SINGAPORE - Online mall Qoo10 removed a listing that advertised 30 "anti-coronavirus" masks for sale at $10,000 on Wednesday (Jan 29).
The listing claimed that the product was also "anti-pneumonia" and "anti-haze", and the merchant "US Buyer" said that the masks can be shipped from South Korea to Singapore.
It was listed for sale at $10,000 from Monday to Wednesday, before it was taken down.
A packet of 10 surgical masks usually costs around $5 and 20 N95 masks cost about $40.
Qoo10 Singapore told The Straits Times that it does not condone excessive profiteering.
"We do not condone and will not tolerate merchants who escalate prices to unreasonable levels in an attempt to profit off the general public's worry and panic, or even as a joke," said Qoo10 general manager Sam Too. "Merchants found guilty of such behaviour may be temporarily suspended as part of our investigation process."
He added that the $10,000 mask listing was removed while Qoo10 speaks to the merchant to understand if there are any legitimate reasons for such a pricing.
But he noted that urgent situations such as a virus outbreak could cause product prices to significantly fluctuate.
The merchant behind the masks, which has an address in South Korea, also sells other products such as clothing, sportswear and men's bags and shoes. It could not be reached for comment.
On Tuesday, Senior Minister of State for Health Lam Pin Min addressed concerns over reports on social media of masks running out in stores after Wuhan virus cases were detected here.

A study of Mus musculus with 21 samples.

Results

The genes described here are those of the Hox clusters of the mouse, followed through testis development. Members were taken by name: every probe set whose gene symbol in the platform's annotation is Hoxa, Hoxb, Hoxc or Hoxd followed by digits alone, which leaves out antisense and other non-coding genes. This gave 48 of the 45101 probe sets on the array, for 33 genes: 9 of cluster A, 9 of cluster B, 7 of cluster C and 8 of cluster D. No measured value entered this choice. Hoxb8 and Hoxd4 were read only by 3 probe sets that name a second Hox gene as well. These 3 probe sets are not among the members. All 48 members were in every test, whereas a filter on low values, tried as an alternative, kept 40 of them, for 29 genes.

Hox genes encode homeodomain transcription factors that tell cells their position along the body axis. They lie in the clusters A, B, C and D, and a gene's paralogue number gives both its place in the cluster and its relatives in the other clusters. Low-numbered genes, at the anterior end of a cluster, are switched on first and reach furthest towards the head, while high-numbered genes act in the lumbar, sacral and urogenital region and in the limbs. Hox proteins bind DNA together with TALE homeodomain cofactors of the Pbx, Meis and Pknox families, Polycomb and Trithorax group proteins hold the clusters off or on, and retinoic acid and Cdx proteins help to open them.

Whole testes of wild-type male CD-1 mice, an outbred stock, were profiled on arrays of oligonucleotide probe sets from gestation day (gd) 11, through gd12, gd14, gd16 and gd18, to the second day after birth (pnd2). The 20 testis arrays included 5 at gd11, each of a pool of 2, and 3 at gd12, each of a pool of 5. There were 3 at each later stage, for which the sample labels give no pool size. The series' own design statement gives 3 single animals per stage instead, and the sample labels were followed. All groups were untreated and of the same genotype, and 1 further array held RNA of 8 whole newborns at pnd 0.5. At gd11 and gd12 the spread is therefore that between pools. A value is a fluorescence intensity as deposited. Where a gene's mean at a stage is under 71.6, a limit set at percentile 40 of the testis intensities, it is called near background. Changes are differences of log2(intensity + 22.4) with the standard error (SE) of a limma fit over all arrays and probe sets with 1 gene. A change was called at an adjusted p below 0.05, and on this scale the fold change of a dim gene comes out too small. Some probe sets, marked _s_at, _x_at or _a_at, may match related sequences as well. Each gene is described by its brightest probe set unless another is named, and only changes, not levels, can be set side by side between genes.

He said that the Government is working with retailers to manage pricing, cautioning them against profiteering, and assured Singaporeans that there are sufficient masks available in Singapore if people use them sensibly and responsibly.
He added that there is no need to rush to buy masks, and the authorities are working with retailers like FairPrice and Unity Pharmacy to push out the stocks.
The Ministry of Trade and Industry (MTI) on Tuesday also urged all retailers to "practise corporate social responsibility and not take advantage of the increased demand to raise prices unreasonably".
MTI told The Straits Times that it will work closely with the Consumers Association of Singapore (Case) and the Competition and Consumer Commission of Singapore to monitor the situation and investigate any unfair and anti-competitive practices.
Consumers can report any errant seller to Case by calling 6100-0315.